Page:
Israel insisted Monday it will do whatever it must to stop Iran from getting a nuclear weapon, even as the visiting U.S. defense chief promised tougher international sanctions if Tehran spurns an offer of talks.

U.S. Defense Secretary Robert Gates tried to reassure Israeli leaders that President Barack Obama is not naive, and he said the offer to bargain with Iran isn't good indefinitely. After meeting with Gates, Israeli Defense Minister Ehud Barak suggested his country's patience is limited, saying — three times — that Israel would not rule out any response.

"We clearly believe that no option should be removed from the table," Barak said, referring to the unstated possibility that Israel might launch a pre-emptive attack to thwart Iran's nuclear development.

Differences between Israel and the U.S. over how to handle a looming Iranian nuclear threat dominated Gates' brief stop in Jerusalem. And later, in neighboring Jordan, Gates was blunt in describing what Iran might expect if it refuses the offer of international arms control talks this year, or walks away from Obama's wider offer of better relations with Washington.

"If the engagement process is not successful, the United States is prepared to press for significant additional sanctions," Gates said. He added that the United States would try to abandon the current policy of gradual international pressure, where layers of generally mild sanctions have been added as each time Iran flouted international demands.

"We would try to get international support for a much tougher position," Gates said. He added: "Our hope remains that Iran would respond to the president's outstretched hand in a positive and constructive way, but we'll see."

While the United States also reserves the right to use force if need be, the Obama administration is playing down that possibility while it tries to draw Iran into talks. Gates said Washington still hopes to have an initial answer in the fall about negotiations.

"The timetable the president laid out still seems to be viable and does not significantly raise the risks to anybody," Gates said in Israel.

Israeli Prime Minister Benjamin Netanyahu has said he hopes to work out policy disagreements with the U.S. during a series of meetings this week with high-profile American envoys. Gates was the second in a parade of Americans coming to Israel this week, and the only one for whom Israel's expansion of Jewish settlements was not a primary topic.

Netanyahu's office said that during talks with Gates, Netanyahu "reiterated the seriousness (with) which Israel views Iran's nuclear ambitions and the need to utilize all available means to prevent Iran from achieving a nuclear weapons capability."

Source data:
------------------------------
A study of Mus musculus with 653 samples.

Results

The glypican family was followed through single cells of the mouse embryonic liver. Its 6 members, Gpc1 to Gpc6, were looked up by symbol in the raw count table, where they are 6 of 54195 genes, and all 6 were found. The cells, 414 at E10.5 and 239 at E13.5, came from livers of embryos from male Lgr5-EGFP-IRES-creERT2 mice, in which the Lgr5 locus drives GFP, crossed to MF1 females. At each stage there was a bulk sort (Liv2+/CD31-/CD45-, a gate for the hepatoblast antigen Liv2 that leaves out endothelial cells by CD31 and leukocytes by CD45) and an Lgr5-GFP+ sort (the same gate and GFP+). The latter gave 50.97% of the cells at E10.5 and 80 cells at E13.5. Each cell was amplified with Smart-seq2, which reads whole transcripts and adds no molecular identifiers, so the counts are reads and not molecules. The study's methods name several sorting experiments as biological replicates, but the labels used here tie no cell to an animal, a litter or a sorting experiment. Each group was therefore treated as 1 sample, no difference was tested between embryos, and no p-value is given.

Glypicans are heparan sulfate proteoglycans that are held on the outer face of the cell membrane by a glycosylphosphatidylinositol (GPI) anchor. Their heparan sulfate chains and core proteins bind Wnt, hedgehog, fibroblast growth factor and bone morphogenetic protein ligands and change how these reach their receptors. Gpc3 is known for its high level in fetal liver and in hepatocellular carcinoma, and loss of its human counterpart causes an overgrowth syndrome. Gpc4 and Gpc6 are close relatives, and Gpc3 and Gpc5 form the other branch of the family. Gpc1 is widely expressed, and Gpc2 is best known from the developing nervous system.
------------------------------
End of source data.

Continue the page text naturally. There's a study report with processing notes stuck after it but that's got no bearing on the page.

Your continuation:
The United States contends that a strike would upset the fragile security balance in the Middle East, perhaps triggering a new nuclear arms race and leaving everyone, including Israel and Iran, worse off.

Iran has long insisted it is merely trying to develop nuclear reactors for domestic power generation. Israeli leaders fear the U.S. is prizing outreach to Iran over its historic ties to Israel and appears resigned to the idea that Iran will soon be able to build a nuclear weapon.

Obama says he has accepted no such thing.

Both Barak and Gates said time is short, and Gates stressed that any negotiations would not become cover for Iran to run out the clock while it perfects a nuclear weapon.

"I think we're in full agreement on the negative consequences of Iran obtaining this kind of capability," Gates said. "I think we are also agreed that it is important to take every opportunity to try and persuade the Iranians to reconsider what is actually in their own security interest."

Obama pledged a new outreach to Iran during last year's presidential campaign. Aides say the recent election-related political upheaval in Iran has complicated, but not derailed, that effort.

On Sunday, Secretary of State Hillary Rodham Clinton implicitly urged Israel to set aside any plans it might have for attacking Iran, saying she hopes the Jewish state understands the value of American attempts at diplomacy.

Speaking on NBC's "Meet The Press," Clinton also said she would not reveal any specifics of a possible "defense umbrella" to protect Mideast allies against an eventual Iranian bomb.

The umbrella idea, which Clinton offhandedly mentioned last week, has fueled Israel's uncertainty over U.S. policy under Obama even though Clinton later backpedaled.

Iran rejects the idea of a U.S. defensive umbrella to protect Washington's regional allies against a nuclear Iran. Foreign ministry spokesman Hasan Qashqavi told reporters Monday that "there is no need" for a U.S. defensive umbrella, just for Washington to tell Israel to "dismantle its own 200 nuclear warheads."